It is Iran’s right to develop nuclear energy, America!

Published: January 6, 2014

Hiroshima and Nagasaki – two words that evoke nothing but the destructive horror which ensued after the United States attacked Japan. There is not much to say apart from the fact that the results from the explosion can still be seen today. Those who survived diseases from the blast produced offspring with mutations. Humanity was killed that day as the radioactive footprint was embedded on Japanese soil.

While the US may, arguably, be the most powerful state in the world, it had no right to engage in nuclear war. Some might say that it was, in fact, a ‘war’. Very well, but then why does the US persist on interfering in the running of other countries? It is currently on the forefront of attempting to dislodge the Iranian ambitions of establishing nuclear power as an energy source on the accusation that Iran may use the technology to make weapons.

Let us not talk in rhetorical semantics; even if Iran is building weapons of mass destruction, the US has only the authority to report this to the United Nations (UN) and urge the International Atomic Energy Agency (IAEA) to investigate the issue. Furthermore, economic sanctions may be enforced, which have been in place for several years.

A while back, the new Iranian administration participated in ground-breaking talks as a nuclear deal was reached in which Iran agreed to halt all enrichments, reduce production and nurture transparency regarding all their nuclear pursuits. As talks continue, the US will keep enforcing economic sanctions on Iran but will ease down if they deem that Iran has held up their end of the deal.

While most of the international community has welcomed this deal, it is a disgrace to see the US using its power in the United Nations Security Council (UNSC) to force Iran off the nuclear road. As one of the most powerful states, the US feels it has the responsibility of playing the role of the world police.

Is it justified to say that Iran is unstable and that the nuclear power could fall into the wrong hands when you yourself handed weapons for the Iraq war or, when you handed weapons to the Al-Qaeda and unnamed rebels in the Middle East?  Is Iran even worthy of possessing nuclear weapons?

I don’t trust the Americans with nuclear weapons. However, their power and stature on the global platform allows me no choice but to trust that they will not engage in nuclear war. Sadly, it is not by choice but by a lack thereof that the US can carry out ridiculously inhumane activities and employ intimidation to make sure nobody gets in the path of Uncle Sam.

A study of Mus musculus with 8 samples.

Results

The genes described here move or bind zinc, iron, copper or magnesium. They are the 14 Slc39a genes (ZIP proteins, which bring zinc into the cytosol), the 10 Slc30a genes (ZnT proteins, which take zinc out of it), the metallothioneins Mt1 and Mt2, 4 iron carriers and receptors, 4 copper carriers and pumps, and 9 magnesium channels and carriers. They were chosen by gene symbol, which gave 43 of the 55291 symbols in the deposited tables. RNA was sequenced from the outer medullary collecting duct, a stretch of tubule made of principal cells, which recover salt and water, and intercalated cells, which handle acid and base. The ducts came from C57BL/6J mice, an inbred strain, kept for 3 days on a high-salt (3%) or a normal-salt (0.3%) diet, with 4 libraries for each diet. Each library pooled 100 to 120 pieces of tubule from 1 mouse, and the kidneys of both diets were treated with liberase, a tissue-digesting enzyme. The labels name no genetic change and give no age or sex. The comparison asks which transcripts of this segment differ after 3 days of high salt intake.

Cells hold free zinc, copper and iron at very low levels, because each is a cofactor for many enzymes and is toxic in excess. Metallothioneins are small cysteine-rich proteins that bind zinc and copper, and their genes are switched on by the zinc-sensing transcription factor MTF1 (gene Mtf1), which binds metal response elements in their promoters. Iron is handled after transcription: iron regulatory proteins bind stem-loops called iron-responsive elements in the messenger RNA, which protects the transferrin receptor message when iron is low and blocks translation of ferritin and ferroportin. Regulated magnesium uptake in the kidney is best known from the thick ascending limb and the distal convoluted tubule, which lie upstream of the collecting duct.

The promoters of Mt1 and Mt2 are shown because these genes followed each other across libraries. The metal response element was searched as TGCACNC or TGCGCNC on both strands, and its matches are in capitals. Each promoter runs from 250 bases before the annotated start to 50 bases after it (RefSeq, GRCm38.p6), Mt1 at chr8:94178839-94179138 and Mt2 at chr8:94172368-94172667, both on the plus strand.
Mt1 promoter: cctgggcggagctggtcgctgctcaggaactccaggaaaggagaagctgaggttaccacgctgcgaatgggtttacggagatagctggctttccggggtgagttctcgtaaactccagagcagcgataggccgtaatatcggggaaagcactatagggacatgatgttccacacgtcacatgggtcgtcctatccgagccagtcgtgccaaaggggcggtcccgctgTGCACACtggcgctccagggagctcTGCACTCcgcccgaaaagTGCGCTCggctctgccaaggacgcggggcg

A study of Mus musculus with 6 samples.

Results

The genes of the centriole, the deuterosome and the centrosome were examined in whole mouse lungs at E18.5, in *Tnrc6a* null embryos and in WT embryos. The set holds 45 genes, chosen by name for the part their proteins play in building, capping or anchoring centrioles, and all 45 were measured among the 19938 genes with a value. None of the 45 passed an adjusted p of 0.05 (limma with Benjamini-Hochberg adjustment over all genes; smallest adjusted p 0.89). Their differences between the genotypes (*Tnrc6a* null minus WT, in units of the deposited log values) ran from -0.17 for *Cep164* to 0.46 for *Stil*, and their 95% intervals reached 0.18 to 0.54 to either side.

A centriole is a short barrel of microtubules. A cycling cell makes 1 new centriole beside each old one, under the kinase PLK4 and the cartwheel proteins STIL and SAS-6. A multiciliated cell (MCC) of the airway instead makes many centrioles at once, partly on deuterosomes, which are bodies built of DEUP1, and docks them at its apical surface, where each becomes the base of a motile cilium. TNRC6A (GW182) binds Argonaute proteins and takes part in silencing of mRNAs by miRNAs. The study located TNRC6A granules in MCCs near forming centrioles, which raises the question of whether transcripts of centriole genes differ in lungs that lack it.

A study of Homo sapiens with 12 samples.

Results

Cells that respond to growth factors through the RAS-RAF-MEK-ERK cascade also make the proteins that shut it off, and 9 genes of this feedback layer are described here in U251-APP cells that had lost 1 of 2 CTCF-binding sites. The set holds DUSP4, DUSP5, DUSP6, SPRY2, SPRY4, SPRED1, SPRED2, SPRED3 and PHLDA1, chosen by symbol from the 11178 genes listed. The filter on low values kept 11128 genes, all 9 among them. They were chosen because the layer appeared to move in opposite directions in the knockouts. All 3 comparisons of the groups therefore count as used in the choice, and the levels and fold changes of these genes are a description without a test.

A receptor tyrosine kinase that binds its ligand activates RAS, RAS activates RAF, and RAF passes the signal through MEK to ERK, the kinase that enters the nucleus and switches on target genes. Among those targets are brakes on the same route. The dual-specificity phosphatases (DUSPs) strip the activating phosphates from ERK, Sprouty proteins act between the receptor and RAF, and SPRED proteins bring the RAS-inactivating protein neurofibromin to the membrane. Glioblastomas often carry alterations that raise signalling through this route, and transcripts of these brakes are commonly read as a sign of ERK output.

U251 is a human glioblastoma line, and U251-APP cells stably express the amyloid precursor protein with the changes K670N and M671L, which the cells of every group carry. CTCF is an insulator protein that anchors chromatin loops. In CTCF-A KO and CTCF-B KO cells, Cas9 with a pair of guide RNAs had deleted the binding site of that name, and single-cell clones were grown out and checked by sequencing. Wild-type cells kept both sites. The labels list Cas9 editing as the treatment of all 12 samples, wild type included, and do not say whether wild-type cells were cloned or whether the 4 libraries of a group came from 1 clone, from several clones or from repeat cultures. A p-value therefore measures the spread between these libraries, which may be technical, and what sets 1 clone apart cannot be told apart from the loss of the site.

It seems as if the United States has two types of foreign policy; the first revolves around spying on over 40 countries and collecting large amounts of data on everybody and their grandmothers. The second employs ‘kinetic military action’ (read: Obama) which is not war entirely but does involve drone attacks which kill countless civilians. Wielding these policies, along with the natural grandeur and its perks, the US makes a formidable global guardian.

Countries like Pakistan, Iraq and Afghanistan have suffered time and again due to political inadequacies or just by design. However, the one country that has remained tough on its stance is Iran, regardless of its economic isolation.

In reality, Iran is a signatory of the treaty of non-proliferation of nuclear weapons and has shown absolutely no intentions of developing nuclear weapons. Their commitment, at the aforementioned talks, shows that they do not plan on engaging in weapon development. However, I think it is incredibly insulting for a sovereign country to have its arm twisted into allowing the accusatory IAEA to investigate their nuclear facilities and sniff for weapons.

Sadly, times change and with pressures mounting, it seems as if Iran’s resolve is fading away. Whether Iran will stand by the deal is irrelevant but in the global village, the new administration of the country shows considerable leaps to escape the isolated zone that Iran has been living in for years. Only time will tell how this saga will end, if it ever ends that is.

But what I feel the US needs to understand, considering its own barrage of nuclear weapons and energy, that it is not a privilege for Iran to develop nuclear energy, it is their right.

Is it Iran's right to develop nuclear energy?


Asad Shabbir

A sophomore at LUMS, a blogger, a TEDX speaker, and a novelist. Follows technology, current events, and the occasional Pakistani cricket match. He tweets as @sceneawwn twitter.com/sceneawwn and blogs at www.16-as.blogspot.com.

The views expressed by the writer and the reader comments do not necessarily reflect the views and policies of The Express Tribune.